Wild Metta

I rely upon the Bhagavad Gita for those moments in life when I am at a crossroads regarding circumstance.  Essentially, how to act (instead of react), how to sponsor (instead of respond).

Which brings me to ahimsa.  Here in the West, it is (more often than not) translated as “non-violence”, when in fact it means “non-harming/injury”.  Now, these two may sound the same (even similar), but they are not.  The antonym of violence, for example, is peace, whereas the antonym of harm is benefit/blessing.  So that ahimsa is not “peace”, but an assist, an aid –  something good and right.  In short, its dharma (more on this below).  And this explains how ahimsa involves self .. as in, for example, self-defense, -concern, -responsibility, and the like.  So that, Yoga philosophy recognizes that injury occurs in life, so that we should strive to not injure either our self or others in our dealings.

What I have experienced firsthand among Yoga pracitiones and new age advocates is an adherence to ‘ahimsa’ as popularized by Mahatma Gandhi; namely, ahimsa paramo dharma.  This phrase was written by Swami Chinmayananda (a disciple of Swami Sivananda of Rishikesh).  Specifically:

Ahimsa Paramo Dharma / Dharma himsa tathaiva cha

“Non-injury is the ultimate dharma.  So too is injury in service of Dharma.”

What this means is that – for the every day person, the householder: if one were to hurt another in defending their self, that would be ahimsa.  That when a government executes a mass murderer, that is ahimsa.  When a parent admonishes an unruly child, that is ahimsa.

The word ahimsa is found four times in the Bhagavad Gita.  The phrase ‘ahimsa paramo dharma’ never is.  And in all four references (*), ahimsa is listed as a divine attribute, and for those who live by it, it is not a selective application.  (*Chapters: 10.5, 13.8, 16.2, 17.14)

For example, ahimsa (as I witness it here in the West) is both conditional and lateral, so that one may practice ahimsa towards strangers but not loved ones.  Some examples I have seen include:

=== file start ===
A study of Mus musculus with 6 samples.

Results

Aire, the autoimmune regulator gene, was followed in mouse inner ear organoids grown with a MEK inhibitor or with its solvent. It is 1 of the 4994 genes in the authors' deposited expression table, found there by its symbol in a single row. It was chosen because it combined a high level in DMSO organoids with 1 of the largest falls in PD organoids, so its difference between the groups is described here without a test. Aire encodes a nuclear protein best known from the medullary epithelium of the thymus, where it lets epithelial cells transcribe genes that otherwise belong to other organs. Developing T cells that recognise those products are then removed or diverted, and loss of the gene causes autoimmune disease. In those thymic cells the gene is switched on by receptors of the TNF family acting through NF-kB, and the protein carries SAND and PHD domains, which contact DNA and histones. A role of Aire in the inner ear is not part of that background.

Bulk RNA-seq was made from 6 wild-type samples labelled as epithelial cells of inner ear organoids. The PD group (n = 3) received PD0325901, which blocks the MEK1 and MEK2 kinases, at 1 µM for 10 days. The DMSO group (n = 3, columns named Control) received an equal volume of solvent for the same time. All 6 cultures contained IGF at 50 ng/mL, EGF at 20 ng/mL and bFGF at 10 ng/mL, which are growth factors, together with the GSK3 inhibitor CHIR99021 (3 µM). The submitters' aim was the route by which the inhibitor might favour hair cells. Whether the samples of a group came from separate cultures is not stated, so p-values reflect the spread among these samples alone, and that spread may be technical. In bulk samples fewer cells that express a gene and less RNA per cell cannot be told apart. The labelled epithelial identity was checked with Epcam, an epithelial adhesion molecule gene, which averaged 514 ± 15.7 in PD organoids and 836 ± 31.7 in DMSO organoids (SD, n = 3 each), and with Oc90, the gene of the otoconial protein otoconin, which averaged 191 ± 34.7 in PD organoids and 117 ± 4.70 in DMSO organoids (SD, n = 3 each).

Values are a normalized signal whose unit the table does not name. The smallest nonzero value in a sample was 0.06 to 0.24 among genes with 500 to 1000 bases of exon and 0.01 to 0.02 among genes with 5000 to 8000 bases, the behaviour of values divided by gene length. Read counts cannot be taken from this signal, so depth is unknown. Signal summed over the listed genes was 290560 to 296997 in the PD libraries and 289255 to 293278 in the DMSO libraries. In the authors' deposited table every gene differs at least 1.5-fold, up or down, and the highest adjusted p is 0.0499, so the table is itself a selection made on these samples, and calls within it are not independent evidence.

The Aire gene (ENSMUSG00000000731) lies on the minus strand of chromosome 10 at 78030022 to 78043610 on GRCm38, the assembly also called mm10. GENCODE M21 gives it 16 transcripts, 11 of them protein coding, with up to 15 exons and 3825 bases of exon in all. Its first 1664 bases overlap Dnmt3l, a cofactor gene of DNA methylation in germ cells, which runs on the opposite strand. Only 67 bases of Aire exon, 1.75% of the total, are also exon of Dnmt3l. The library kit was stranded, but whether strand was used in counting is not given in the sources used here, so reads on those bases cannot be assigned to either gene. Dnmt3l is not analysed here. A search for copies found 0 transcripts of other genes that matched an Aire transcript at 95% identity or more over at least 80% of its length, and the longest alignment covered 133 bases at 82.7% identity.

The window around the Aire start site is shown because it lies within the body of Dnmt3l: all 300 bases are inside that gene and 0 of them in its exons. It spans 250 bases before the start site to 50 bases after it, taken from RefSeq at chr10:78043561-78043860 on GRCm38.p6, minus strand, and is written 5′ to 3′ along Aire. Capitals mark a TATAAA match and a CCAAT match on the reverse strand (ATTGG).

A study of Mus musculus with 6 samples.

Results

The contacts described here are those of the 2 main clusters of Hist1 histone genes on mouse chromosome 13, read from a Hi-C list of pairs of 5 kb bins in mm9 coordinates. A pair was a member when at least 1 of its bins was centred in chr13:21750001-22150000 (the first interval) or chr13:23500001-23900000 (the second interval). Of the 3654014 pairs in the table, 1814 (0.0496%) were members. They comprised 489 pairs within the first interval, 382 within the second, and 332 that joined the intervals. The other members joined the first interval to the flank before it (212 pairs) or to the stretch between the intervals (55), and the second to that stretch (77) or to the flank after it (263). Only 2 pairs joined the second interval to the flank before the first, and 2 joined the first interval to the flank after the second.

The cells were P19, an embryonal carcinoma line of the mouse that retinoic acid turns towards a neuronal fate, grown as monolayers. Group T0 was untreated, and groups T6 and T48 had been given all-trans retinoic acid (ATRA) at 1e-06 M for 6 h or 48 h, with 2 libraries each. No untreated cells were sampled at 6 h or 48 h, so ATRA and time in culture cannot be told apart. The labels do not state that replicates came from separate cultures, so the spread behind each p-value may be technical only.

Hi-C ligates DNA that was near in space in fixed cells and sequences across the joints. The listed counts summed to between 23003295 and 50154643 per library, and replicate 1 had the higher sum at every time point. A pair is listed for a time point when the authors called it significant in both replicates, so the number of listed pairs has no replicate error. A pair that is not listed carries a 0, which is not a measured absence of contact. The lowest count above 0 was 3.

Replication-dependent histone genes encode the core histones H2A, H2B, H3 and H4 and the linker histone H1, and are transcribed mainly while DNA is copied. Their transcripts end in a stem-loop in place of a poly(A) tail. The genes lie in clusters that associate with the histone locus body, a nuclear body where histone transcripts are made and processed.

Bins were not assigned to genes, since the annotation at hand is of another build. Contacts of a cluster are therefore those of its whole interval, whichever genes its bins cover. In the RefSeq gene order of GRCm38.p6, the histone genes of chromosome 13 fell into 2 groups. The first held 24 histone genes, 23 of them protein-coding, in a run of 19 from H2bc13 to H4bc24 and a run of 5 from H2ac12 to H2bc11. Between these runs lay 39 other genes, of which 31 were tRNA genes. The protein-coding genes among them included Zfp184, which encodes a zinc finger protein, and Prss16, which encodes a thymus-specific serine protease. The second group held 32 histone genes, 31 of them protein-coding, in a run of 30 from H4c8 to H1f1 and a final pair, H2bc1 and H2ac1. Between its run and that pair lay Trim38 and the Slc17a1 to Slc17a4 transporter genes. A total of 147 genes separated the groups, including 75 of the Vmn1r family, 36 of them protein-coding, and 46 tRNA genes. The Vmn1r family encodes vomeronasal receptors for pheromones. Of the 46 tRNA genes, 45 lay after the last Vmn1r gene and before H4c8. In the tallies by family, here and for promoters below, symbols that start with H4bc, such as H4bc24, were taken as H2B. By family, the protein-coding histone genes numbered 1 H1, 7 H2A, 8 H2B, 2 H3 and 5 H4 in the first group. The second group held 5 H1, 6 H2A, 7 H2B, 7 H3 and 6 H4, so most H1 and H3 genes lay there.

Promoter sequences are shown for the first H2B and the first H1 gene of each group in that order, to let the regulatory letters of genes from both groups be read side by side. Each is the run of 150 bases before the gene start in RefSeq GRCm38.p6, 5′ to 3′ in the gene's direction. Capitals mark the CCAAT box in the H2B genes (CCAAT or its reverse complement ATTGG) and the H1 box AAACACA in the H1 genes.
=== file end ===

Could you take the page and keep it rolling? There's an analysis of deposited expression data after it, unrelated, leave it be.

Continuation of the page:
-One may donate money to a local shelter but not give an eating out allowance to a loved one.

-One may refrain from being angry at a stranger, only to turn on a loved one later.

-One may practice a religion yet refuse to tolerant the application of another’s idealogies.

-One may promote ‘freedom for all’ while purchasing goods/services from organizations that promote slavery/human trafficking.

-One may forgive others for wrong-doing while privately admonishing them self.

-One may apologize for a wrong-doing while regretting their words in private.

-One may practice ahimsa as a form of appeasement.

-One may be an animal rights activist while treating fellow humans poorly.

-One may be a lacto-vegetarian yet consume dairy from industry farmed, injected animals that live in cramped,  unsanitary and cruel conditions.

-One may promote a spiritual lifestyle while struggling with self-doubt.

So that from my experience, what I enocounter are those who confuse ahimsa with metta, “loving kindness”.  Being kind, having good will, or respect for the rights of others is a human virtue, therefore, according to the Bhagavad Gita, a “duty” .. our dharma.  But in all examples, this must include self.

Bottom line: There is no ‘selective ahimsa’, because ahimsa does not apply ‘here’ but not ‘there’.  For true ahimsa one must adhere to non-injury in every facet of their life .. making ahimsa their number one priority in all decisions, every day, in every situation and in all circumstances.

Therefore, it is best to practice metta while striving for ahimsa.  And in all things, apply metta to one’s self.  For there is no greater gift than loving kindness .. for in loving our self, we truly learn what it means to ‘love others’.